Early Childhood Resources

Because a great deal of an infant's learning is through the visual mode, it's important to understand the effect of visual impairment on child development. Find out what types of intervention are most effective during these crucial formative years. Materials for older students can be found under the appropriate categories.

A self-paced online course for teams assessing the assistive technology needs of students with visual impairment. Includes videos to demonstrate assessment techniques and student interaction with the potential equipment..

Source: Texas School for the Blind and Visually Impaired (TSBVI)

A brief overview of some of the primary types of assistive technology for people with visual impairments, including Screen-Reading Software, Magnification Software, Dictation Software, Refreshable Braille Displays, Optical Character Recognition (OCR) Systems, Video Magnifiers or Closed-Circuit Televisions (CCTVs), and Portable Magnifiers.

Source: Mobility International USA

Explore information designed for parents and family members on a range of assistive technology topics, including Accessing Printed Information; Accessing Electronic Information; Tools for Writing; Taking Care of Assistive Devices; Students Using Technology; and Kitchen Appliance Accessibility.

Source: FamilyConnect for Parents of Children with Visual Impairments

These guidelines for Michigan teachers are useful for any educator whose student needs instruction in assistive technology. Includes downloadable checklists in Word and PDF format.

Source: Michigan Department of Education

ATIA is a not-for-profit membership organization of manufacturers, sellers and providers of assistive technology devices and/or services.

ADP lists television programs by network, and gives instructions for enabling the service on home TVs.

Source: The Audio Description Project

The charts in this 6-page document by Marilyn and Jay Gense compare typical development, development of children who are blind or visually impaired, and children who have autism as well as visual impairments. The charts focus on communication, social interactions, patterns of behavior, and responses to sensory information.

Source: FocusFamilies

Babies Count was first created in 1995 and is the only national database in the US to collect epidemiologic and demographic information on infants and toddlers between the ages of birth and 36 months who are blind or visually impaired. Information from this database has been used to make policy and budget decisions, to expand programs, to drive medical and educational research, and to track the changing face of blindness of children in our country today. The database is currently being reconstructed to reflect the ways that data is collected in the 21st century and to meet the evolving needs of participating agencies.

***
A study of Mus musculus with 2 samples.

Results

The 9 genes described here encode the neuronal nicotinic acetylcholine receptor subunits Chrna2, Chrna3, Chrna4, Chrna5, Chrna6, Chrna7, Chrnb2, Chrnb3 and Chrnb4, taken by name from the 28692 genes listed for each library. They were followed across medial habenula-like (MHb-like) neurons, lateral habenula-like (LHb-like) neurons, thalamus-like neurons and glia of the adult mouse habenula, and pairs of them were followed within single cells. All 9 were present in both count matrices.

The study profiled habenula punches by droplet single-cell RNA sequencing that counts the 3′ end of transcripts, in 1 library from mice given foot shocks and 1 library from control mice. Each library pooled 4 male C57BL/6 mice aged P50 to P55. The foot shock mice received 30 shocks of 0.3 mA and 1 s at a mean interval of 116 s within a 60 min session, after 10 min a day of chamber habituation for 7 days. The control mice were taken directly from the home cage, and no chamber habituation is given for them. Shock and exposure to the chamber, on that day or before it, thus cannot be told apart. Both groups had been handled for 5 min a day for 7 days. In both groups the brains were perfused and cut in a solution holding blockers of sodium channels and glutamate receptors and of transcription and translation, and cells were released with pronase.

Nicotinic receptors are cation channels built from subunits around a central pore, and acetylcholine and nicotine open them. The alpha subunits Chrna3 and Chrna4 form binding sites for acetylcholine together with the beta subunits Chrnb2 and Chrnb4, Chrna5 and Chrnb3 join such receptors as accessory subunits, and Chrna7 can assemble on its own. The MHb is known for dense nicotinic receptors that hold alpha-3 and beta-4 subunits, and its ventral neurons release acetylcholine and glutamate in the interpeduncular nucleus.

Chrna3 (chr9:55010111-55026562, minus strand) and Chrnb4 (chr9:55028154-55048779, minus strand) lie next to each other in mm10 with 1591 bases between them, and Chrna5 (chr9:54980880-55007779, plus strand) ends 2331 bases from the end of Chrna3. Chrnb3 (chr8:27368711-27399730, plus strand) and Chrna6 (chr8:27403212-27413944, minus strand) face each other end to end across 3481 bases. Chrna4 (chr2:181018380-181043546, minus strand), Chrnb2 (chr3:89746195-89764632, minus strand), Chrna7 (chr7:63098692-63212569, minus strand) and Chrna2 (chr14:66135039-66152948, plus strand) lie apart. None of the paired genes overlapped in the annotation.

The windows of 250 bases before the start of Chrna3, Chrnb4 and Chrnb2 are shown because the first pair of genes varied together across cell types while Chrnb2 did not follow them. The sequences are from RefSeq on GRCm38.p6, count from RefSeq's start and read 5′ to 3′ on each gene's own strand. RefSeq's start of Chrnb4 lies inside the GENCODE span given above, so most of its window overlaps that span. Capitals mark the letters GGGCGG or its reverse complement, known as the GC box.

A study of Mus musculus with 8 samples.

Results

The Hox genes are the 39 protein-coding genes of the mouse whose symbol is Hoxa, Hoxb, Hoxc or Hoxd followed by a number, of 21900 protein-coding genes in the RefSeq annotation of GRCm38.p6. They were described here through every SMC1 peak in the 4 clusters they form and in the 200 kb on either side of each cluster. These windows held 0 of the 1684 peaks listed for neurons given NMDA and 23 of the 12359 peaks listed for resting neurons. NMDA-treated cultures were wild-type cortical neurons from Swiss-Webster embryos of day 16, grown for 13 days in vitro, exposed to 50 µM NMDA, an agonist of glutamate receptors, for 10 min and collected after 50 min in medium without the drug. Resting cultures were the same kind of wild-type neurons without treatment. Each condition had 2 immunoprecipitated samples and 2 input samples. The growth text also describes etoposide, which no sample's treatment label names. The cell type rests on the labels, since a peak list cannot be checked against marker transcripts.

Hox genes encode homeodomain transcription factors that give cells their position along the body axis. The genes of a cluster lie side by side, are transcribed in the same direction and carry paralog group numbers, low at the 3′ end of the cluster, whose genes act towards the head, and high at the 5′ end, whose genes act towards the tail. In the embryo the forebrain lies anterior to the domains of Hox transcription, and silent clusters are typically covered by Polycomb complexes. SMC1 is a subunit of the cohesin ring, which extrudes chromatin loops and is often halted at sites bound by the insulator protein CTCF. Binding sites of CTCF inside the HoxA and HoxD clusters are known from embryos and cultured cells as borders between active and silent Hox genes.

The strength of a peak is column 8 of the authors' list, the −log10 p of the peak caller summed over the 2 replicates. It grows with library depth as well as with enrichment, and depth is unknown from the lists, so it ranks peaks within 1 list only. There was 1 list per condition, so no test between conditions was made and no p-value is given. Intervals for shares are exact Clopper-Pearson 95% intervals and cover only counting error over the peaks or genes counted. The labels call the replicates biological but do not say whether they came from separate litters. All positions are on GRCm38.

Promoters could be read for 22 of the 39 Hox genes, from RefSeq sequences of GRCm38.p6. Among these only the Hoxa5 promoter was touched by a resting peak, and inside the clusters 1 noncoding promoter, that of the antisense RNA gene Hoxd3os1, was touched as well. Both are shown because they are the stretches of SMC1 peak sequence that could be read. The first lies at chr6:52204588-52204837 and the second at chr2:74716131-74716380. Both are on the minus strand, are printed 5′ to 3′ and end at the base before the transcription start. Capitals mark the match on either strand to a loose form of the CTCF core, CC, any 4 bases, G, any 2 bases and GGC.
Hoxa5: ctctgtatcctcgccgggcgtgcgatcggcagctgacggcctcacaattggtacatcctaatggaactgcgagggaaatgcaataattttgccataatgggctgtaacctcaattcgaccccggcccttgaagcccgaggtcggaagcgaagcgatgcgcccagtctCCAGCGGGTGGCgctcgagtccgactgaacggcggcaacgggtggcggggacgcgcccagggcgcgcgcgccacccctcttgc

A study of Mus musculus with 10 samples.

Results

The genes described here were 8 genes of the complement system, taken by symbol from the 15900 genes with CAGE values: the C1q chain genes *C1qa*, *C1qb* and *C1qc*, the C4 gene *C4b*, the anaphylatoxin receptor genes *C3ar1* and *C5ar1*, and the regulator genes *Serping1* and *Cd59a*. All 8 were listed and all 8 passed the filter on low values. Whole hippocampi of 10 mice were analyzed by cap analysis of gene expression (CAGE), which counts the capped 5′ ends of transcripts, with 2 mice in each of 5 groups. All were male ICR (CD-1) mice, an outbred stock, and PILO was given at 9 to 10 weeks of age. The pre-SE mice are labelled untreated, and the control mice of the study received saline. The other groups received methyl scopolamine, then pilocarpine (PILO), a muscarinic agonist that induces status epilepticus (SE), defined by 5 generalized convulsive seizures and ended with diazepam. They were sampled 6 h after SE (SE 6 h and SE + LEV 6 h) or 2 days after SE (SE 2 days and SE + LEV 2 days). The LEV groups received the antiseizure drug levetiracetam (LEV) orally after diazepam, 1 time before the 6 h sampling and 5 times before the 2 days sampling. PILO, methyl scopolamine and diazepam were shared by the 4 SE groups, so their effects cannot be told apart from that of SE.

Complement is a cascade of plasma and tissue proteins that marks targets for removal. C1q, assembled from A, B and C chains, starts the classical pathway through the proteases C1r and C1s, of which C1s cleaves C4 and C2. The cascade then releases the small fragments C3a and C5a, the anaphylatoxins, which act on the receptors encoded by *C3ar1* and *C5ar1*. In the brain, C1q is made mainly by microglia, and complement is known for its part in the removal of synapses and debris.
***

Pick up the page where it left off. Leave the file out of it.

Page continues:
Source: Babies Count

For itinerant TVIs who are adapting chemistry for a braille student, these guidelines will be invaluable.   The 20-page document includes:

  • Basic Guidance on When to Switch
  • UEB Rule for Use of Opening and Closing Nemeth Indicators
  • Additional Guidelines
  • Formatting

The guidelines are available for free download in PDF or BRF format on the BANA (Braille Authority of North America) website.

 

Authors Perla and Ducret explain how the design of an O&M program for students with multiple disabilities should start with understanding the child's most basic needs, such as communication, safety, independence, and consistency.

Source: International Council for Education of People with Visual Impairment (ICEVI)

Visually Impaired and Blind Youth Camp

Tips for parents on observing skills development, missing or delayed skills in children with visual impairments, and dealing with difficult or challenging behaviors.

Source: FamilyConnect

Three behavioral characteristics are commonly found among individuals with Congenital Rubella Syndrome. Author John Walters stresses the necessity of understanding the whole person and the function of behaviors before considering intervention.

Source: National Center on Deaf-Blindness (NCDB)

In your education of (and advocacy for) others, you may find these talking points helpful for getting the message across that orientation and mobility are important lifelong learning processes. This link presents both English and Spanish text.

Source: Texas School for the Blind and VIsually Impaired

In this 11-page document, Sam Morgan describes biobehavioral states and explains why they are important when working with students with profound disabilities.

Source: Hunter College

This article introduces two ways to classify states of awareness in "individuals with profound disabilities."  (This is a scanned document and is not accessible to screen readers.)

Maylene Bird shares teaching tips on cells, microscopes, diagrams and models, dissecting, and measuring.

Source: Texas School for the Blind and Visually Impaired (TSBVI)

This page has links to various biology lessons, a list of errors and omissions in the Holt Biology Book (2004), and diagrams that can be downloaded to accompany the text.

Source: Texas School for the Blind and Visually Impaired (TSBVI)

Overview of bioptic driving requirements, fitting and pricing, with state-by-state laws for bi-optic drivers in the United States.